Gas injection techniques, such as WAG, frequently require consideration of co-existing oil, gas and water phases and the impact of saturation cycles as water and gas slugs move through the reservoir. These processes may be assessed using numerical simulations. This paper presents the analysis of a detailed laboratory study, designed to provide data for verifying hysteresis models for such simulations.

A number of studies have reported evidence for hysteresis in gas relative permeabilities in WAG flooding, leading to lower gas mobilities than predicted by conventional two-phase models. A reduction in gas mobility tends to improve gas sweep and incremental recovery for WAG based IOR schemes.

Three-phase hysteresis models have recently been developed to include these hysteresis effects. The models include trapping of gas and reduction of water relative permeability in the presence of trapped gas. In these models, saturation changes can be irreversible, and relative permeability may decrease with each change in direction in saturation.

A carefully planned laboratory study investigated secondary and tertiary immiscible WAG floods in both water-wet and intermediate-wet Berea cores, giving four separate sets of experimental data (a total of over 30 individual floods). For each flood, in-situ saturation profiles, mass balance and pressure drop data were measured. The in-situ saturation data ensures that laboratory artefacts (such as capillary end effects) do not influence conclusions.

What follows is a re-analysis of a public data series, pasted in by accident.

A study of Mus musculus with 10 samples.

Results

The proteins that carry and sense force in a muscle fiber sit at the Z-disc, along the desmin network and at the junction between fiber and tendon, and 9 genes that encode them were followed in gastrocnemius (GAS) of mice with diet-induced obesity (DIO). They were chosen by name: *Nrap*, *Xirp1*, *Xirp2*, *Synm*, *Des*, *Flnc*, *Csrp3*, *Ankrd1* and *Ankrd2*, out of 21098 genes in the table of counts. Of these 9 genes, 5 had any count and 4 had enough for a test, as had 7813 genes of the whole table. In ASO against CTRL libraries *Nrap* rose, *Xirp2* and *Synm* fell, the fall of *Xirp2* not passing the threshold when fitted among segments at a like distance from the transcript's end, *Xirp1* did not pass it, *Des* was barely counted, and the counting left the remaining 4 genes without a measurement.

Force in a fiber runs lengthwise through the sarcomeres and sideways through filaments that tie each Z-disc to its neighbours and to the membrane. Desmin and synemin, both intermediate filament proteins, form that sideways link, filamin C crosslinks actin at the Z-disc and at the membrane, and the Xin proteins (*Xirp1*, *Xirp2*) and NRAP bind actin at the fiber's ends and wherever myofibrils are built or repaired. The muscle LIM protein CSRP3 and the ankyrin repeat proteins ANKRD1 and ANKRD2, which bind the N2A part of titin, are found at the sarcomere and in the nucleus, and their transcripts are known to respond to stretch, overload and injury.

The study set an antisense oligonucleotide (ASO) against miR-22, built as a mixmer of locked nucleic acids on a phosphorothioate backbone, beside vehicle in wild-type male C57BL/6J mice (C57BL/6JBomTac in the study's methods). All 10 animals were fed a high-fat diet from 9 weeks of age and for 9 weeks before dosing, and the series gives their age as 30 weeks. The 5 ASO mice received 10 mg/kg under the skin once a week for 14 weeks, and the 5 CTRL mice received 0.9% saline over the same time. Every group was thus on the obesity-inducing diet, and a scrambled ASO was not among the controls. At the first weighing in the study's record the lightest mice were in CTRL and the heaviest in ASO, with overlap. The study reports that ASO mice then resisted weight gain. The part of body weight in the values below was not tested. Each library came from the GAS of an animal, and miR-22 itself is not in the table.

Analysis of the experimental data shows that hysteresis models should include the following features:

  • Irreversibility of hysteresis cycles;

  • Potential for the reduction in the residual oil saturation with trapping of gas by water;

  • Reduction in both water and gas permeability, with potential for the fractional flow to vary with trapped gas saturation;

  • Variation in Land trapping factor between hysteresis cycles.

This study confirms the need for three-phase hysteresis models. Although published models may include some of the observed hysteresis effects, no model includes them all.